Serving the public interest

(This editorial appeared in the Los Angeles Times on March 2.)

The future of the State Bar of California is an issue that has raised hardly a glimmer of public interest yet has the potential for causing public problems. Legislative meddling with the legal community's regulatory body could cause a backlash that neither the governor nor lawmakers should want.

The State Bar determines, through the bar examination, who is qualified to practice law in California. It also investigates some 140,000 complaints from the public each year about attorney conduct, disciplining unethical or incompetent lawyers through suspensions or disbarment. Once plagued by a long backlog of complaints, the California bar's discipline system is now a model of professionalism and efficiency. Moreover, it is financed entirely from member dues.

It is the bar's many non-regulatory activities, however, that have become a focus for controversy. It has a hand in evaluating judicial candidates and sets requirements for continuing education to ensure that lawyers remain up to date on the law. It also comments on substantive changes in the law and, like other professional organizations, has weighed in on a variety of controversial political issues.

But the matter at hand, as in so many endeavors, is money. Bar membership is mandatory for the state's 161,000 attorneys. The state Constitution requires the legislature and governor to approve bar dues; capped at $458 last year, they are among the highest in the nation. Some lawyers and lawmakers, unhappy with the scope of the bar's non-regulatory activities, including resolutions it has adopted on such issues as affirmative action, gay rights and mandatory minimum sentences for drug crimes, have used the high dues to attack the bar and seek to curtail its influence.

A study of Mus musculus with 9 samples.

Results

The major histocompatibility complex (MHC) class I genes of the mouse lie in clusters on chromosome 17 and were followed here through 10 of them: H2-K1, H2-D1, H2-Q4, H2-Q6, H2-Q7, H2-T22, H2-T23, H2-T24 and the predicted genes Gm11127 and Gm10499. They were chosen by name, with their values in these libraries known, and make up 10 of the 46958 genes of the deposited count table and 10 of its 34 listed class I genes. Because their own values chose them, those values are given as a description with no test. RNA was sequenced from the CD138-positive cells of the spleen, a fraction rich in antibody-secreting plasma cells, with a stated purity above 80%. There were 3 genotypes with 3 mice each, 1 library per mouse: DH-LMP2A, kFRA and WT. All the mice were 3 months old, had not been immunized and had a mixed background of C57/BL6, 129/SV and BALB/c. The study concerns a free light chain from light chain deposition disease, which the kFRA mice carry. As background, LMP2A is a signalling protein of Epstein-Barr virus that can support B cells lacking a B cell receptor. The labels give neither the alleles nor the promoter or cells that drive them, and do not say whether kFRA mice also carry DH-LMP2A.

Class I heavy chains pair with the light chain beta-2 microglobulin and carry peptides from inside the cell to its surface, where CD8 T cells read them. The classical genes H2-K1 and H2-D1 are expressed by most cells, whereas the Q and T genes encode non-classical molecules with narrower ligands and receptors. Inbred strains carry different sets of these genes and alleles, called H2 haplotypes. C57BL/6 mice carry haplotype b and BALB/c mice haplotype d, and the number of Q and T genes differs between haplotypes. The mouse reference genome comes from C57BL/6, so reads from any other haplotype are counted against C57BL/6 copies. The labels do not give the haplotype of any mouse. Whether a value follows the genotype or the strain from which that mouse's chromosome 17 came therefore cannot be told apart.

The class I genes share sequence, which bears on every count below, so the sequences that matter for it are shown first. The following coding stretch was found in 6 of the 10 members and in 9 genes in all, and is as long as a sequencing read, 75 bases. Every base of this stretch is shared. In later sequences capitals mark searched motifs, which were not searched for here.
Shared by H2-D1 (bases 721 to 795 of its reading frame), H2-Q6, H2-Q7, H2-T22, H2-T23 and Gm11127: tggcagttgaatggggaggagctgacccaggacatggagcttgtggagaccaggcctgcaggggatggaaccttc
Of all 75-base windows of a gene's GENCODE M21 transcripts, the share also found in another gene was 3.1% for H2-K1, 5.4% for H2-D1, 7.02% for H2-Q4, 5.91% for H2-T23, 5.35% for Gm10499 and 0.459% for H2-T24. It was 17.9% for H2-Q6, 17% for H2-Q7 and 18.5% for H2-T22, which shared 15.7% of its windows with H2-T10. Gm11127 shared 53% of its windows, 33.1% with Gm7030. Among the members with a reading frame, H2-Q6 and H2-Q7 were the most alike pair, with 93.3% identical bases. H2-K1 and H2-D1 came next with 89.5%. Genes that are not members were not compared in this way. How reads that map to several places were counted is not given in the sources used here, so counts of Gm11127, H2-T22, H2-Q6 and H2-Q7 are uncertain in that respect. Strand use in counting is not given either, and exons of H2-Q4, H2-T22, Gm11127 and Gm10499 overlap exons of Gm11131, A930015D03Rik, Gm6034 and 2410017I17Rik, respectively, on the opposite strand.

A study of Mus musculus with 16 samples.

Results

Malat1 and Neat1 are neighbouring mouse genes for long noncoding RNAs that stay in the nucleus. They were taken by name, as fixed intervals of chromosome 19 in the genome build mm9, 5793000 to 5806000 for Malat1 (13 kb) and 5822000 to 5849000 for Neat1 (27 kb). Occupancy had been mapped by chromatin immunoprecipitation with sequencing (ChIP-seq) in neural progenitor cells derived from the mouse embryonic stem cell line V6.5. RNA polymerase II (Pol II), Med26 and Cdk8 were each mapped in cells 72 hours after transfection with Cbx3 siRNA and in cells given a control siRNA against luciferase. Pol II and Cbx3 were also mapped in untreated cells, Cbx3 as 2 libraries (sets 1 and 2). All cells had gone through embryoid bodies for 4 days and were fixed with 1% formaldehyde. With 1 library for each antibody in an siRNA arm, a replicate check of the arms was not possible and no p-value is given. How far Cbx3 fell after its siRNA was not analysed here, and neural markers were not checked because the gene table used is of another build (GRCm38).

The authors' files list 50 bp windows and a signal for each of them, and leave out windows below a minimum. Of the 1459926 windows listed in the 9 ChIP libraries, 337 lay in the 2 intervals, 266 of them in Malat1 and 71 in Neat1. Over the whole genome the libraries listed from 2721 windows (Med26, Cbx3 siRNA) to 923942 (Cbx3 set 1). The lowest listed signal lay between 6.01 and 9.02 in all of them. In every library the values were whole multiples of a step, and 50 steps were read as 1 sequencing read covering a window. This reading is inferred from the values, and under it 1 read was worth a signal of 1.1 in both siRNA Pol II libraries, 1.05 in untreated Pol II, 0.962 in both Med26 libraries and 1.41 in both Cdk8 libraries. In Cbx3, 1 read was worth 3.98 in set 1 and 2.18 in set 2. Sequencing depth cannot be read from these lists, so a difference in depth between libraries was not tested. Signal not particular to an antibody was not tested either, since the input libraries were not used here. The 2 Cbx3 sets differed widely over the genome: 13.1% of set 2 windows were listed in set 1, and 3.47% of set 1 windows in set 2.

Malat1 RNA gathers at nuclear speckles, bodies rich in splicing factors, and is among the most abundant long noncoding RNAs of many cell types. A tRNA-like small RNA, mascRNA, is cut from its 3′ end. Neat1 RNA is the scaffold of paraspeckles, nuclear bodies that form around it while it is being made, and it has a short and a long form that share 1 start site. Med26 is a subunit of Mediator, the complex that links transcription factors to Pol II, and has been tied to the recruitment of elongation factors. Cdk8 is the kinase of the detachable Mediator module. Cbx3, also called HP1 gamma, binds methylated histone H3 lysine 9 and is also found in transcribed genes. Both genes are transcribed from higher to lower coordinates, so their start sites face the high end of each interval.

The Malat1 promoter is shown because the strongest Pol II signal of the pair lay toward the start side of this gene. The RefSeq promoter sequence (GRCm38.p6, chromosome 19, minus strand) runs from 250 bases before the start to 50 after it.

Gov. Pete Wilson forced a showdown last fall by vetoing the annual bill setting bar fees, and this situation will leave the bar without funds as soon as April.

Three options are now before the legislature. Each cuts lawyers' dues and allows the remaining income to fund only regulatory activities. But they differ sharply on the definition of essential bar functions and the level of dues needed to sustain them.

The preferable approach is offered by Assemblyman Bob Hertzberg, D-Van Nuys. His bill would lower dues but leave the bar with sufficient funds to maintain its critical discipline, certification and consumer protection activities. The others set dues so low that the bar would be faced with professional retreat, unable to protect the public from unscrupulous attorneys and other threats. Hertzberg's bill would better serve the public interest.